Euro Plunges to New Low Despite Higher Rates

PARIS -- The euro plunged to a new low against the dollar Thursday after the European Central Bank raised interest rates, a move that normally makes currencies go up.

The decline that occurred instead was a sign the central bank is losing credibility among international investors, analysts said.

It was a disastrous day for the euro, the 16-month-old joint currency of 11 European nations, and for the central bankers who govern it. The euro was worth $1.17 when it was introduced Jan. 1, 1999. It traded Thursday at as low as $.909 despite the ECB's action.

The Deutsche mark, the most important currency in the euro union, has not been this low against the dollar for 14 years. The euro also is at record lows against the British pound - Britain is not a euro member - and the yen.

The euro "is beginning to approach historical extremes," said Stefan Bergheim of Merrill Lynch in Frankfurt, Germany. "Unfortunately, currency markets can go on at extreme levels for quite a while."

The euro's decline is bad for Europe because it makes monetary authorities look powerless and because a weak currency means imported goods become more expensive, raising inflation.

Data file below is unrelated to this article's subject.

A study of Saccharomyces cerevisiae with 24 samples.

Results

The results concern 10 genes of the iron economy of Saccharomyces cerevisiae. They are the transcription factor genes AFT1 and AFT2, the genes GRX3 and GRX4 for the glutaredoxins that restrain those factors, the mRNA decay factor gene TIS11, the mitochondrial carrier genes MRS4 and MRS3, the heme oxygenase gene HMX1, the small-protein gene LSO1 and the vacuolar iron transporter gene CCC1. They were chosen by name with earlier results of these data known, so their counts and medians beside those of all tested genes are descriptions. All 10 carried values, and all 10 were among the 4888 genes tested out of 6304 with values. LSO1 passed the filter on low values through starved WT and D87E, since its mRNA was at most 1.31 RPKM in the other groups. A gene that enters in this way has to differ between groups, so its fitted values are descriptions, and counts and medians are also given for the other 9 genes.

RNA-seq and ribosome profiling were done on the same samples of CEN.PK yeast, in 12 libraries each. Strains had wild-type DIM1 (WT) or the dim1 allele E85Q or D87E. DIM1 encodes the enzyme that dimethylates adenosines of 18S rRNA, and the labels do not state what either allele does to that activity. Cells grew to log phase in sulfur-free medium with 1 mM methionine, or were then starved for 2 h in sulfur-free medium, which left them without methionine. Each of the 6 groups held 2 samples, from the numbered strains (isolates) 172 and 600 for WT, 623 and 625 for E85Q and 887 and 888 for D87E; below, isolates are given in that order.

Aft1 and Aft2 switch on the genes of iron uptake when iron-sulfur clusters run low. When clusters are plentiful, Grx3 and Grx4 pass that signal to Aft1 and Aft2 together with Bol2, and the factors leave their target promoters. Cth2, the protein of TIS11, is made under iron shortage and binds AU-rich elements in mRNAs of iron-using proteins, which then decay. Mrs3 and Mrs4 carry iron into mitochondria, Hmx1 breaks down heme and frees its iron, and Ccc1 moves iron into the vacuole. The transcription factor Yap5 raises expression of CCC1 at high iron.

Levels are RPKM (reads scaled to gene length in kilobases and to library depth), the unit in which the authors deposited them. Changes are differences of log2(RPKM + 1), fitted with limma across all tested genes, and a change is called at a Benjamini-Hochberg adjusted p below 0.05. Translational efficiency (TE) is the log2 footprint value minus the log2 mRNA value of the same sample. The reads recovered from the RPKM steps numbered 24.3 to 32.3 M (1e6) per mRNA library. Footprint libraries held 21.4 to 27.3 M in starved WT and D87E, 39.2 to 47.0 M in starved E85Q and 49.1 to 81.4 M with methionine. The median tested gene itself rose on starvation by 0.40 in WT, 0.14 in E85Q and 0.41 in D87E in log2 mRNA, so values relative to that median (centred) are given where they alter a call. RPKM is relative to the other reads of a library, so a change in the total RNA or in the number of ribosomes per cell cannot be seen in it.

But it also is bad for the United States, for a different reason. With the U.S. dollar running so high, American exports have become more expensive in foreign markets and therefore U.S. companies are selling less overseas.

The ECB raised its benchmark interest rate from 3.5 percent to 3.75 percent. The increase was no surprise; officials had been signaling it was coming in order to head off potential inflation.

In its statement explaining the decision to raise interest rates - the fourth time the bank has raised rates since last November - the bank said it "continues its policy of reacting to upside risks to price stability in the medium term in a pre-emptive manner."

As for the currency, "the present level of the euro does not reflect the strong economic fundamentals of the euro area."